When it comes to stocks, I have a simple rule: Earnings are best when they look most like cash.

PennantPark Investment Corp.'s (NASDAQ:PNNT) shareholders should spend some time thinking about the quality of the earnings of this business development company (BDC). While the company is generally earning more than its dividend after excluding some one-time items, approximately 39% of its earnings are coming from just one non-cash source.

Why it matters

By law, BDCs that operate as regulated investment companies -- which includes basically all of the high-yield BDCs -- are required to distribute all of their earnings to shareholders each year in dividends. That's why BDCs can yield 10% or more -- virtually all of their income is going out the door when dividends are paid.

But the law doesn't distinguish between cash and non-cash income. Thus, BDCs can be left paying cash dividends to investors based on accruals that never turn into cold, hard cash.

A folded piece of paper marked "IOU" protrudes from the slot of a green piggy bank.

Image source: Getty Images.

Payment-in-kind (PIK) income is PennantPark's largest source of non-cash income. Borrowers "pay" PIK interest by rolling the amounts due into their balance. Thus, a $10 million loan at 10% simple interest would grow to $11 million a year later, and the BDC would record the $1 million increase in the principal balance as income that year.

Note that no cash changes here. The BDC simply gets the benefit of being owed more money by the borrower. As anyone will tell you, having $1 million is not the same thing as being owed $1 million.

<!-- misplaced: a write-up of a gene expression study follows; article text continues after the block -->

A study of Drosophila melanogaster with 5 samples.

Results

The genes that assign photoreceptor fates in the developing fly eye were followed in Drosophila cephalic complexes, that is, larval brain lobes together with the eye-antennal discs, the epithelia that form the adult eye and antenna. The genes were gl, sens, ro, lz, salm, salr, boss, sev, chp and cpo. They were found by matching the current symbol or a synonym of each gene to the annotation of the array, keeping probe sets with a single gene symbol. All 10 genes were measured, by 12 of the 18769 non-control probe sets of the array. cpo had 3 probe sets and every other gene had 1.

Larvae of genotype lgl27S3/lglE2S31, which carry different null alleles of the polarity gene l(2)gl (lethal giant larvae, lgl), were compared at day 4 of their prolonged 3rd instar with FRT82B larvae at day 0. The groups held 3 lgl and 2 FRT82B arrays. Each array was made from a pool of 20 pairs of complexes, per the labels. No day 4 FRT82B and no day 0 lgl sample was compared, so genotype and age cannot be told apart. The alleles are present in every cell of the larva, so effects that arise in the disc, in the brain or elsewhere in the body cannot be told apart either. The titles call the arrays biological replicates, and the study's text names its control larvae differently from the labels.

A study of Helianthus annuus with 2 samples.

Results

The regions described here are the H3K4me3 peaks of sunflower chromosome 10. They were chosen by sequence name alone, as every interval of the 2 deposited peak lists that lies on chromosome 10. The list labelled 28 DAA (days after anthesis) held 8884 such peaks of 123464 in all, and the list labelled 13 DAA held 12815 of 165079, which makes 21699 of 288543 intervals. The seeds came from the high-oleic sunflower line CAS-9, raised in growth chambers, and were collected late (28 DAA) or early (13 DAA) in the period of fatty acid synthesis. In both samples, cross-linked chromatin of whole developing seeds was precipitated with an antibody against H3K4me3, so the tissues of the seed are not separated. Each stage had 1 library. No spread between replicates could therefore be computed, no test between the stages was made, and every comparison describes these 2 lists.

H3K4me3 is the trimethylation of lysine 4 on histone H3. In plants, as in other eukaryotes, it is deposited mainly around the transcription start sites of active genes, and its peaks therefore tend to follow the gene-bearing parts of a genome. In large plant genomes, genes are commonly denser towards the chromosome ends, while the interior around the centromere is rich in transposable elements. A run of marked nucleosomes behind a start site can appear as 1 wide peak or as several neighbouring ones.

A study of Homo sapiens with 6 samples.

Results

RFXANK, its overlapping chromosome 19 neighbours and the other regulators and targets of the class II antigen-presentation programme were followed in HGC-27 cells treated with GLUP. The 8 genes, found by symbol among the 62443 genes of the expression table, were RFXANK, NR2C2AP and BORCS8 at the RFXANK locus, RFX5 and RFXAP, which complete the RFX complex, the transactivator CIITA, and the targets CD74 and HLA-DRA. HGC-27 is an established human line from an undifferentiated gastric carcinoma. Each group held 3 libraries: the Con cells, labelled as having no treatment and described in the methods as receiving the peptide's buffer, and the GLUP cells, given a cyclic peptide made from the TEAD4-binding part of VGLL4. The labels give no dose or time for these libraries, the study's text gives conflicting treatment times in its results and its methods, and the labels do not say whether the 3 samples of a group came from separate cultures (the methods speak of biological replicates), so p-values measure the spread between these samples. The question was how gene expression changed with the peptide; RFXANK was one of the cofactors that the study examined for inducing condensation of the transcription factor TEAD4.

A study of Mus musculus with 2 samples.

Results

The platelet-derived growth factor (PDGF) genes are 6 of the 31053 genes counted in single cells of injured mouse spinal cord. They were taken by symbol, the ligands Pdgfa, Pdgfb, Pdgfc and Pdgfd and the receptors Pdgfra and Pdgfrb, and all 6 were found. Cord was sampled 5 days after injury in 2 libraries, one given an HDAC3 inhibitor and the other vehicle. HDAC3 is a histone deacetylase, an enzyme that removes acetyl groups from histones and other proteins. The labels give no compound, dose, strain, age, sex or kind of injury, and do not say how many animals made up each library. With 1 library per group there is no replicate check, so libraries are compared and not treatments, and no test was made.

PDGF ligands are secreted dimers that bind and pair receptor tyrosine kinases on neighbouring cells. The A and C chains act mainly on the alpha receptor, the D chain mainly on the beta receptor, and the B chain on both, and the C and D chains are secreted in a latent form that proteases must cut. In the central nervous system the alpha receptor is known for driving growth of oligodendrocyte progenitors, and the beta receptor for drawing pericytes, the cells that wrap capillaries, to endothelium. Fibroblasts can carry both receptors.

Adjusting PennantPark's earnings to account for non-cash PIK


First 9 Months of Fiscal 2017

Net investment income (NII)


Less payment-in-kind income


Adjusted net investment income


PIK as % of NII


Data source: SEC filings. Calculations by author.

In theory, the only problem with PIK income is managing the small timing issue between when income is recorded and when it's collected. A BDC will record PIK income from an investment (usually, PIK interest from a debt investment) and then collect it in cash all at one time a few years later, when the investment is sold or repaid. 

Theory is very different from reality, though. Promises aren't the equivalent of payments, and borrowers who elect to pay PIK interest tend to be more speculative, for an obvious reason: Anyone who wants to pay in IOUs probably doesn't have the capacity to pay in cash. Compounding this problem is that PIK-paying investments become a larger and larger piece of a BDC's net asset value (book value) as PIK income is accrued.

It's notable that PennantPark's largest PIK securities are in the energy industry, which is inherently cyclical. Exit at the top of the cycle and you'll collect in full, but if the bill comes due at the bottom of the cycle, collecting all the accrued PIK income may be difficult, if not impossible.

How to think about PIK

Cynical by nature, I like to think of it like this: Getting paid in PIK is getting paid in promises by a borrower who couldn't afford to pay in cash. When described in this way, you can quickly see why PIK isn't just another three-letter acronym in an industry that already has too many of them. It can become a serious problem.

There mere existence of PIK income is forgivable, if not entirely expected. But with PIK at 39% of the BDC's net investment income for the first nine months of this year, investors can only hope the checks don't bounce when PennantPark tells its portfolio companies to show them the money.

This article represents the opinion of the writer, who may disagree with the “official” recommendation position of a Motley Fool premium advisory service. We’re motley! Questioning an investing thesis -- even one of our own -- helps us all think critically about investing and make decisions that help us become smarter, happier, and richer.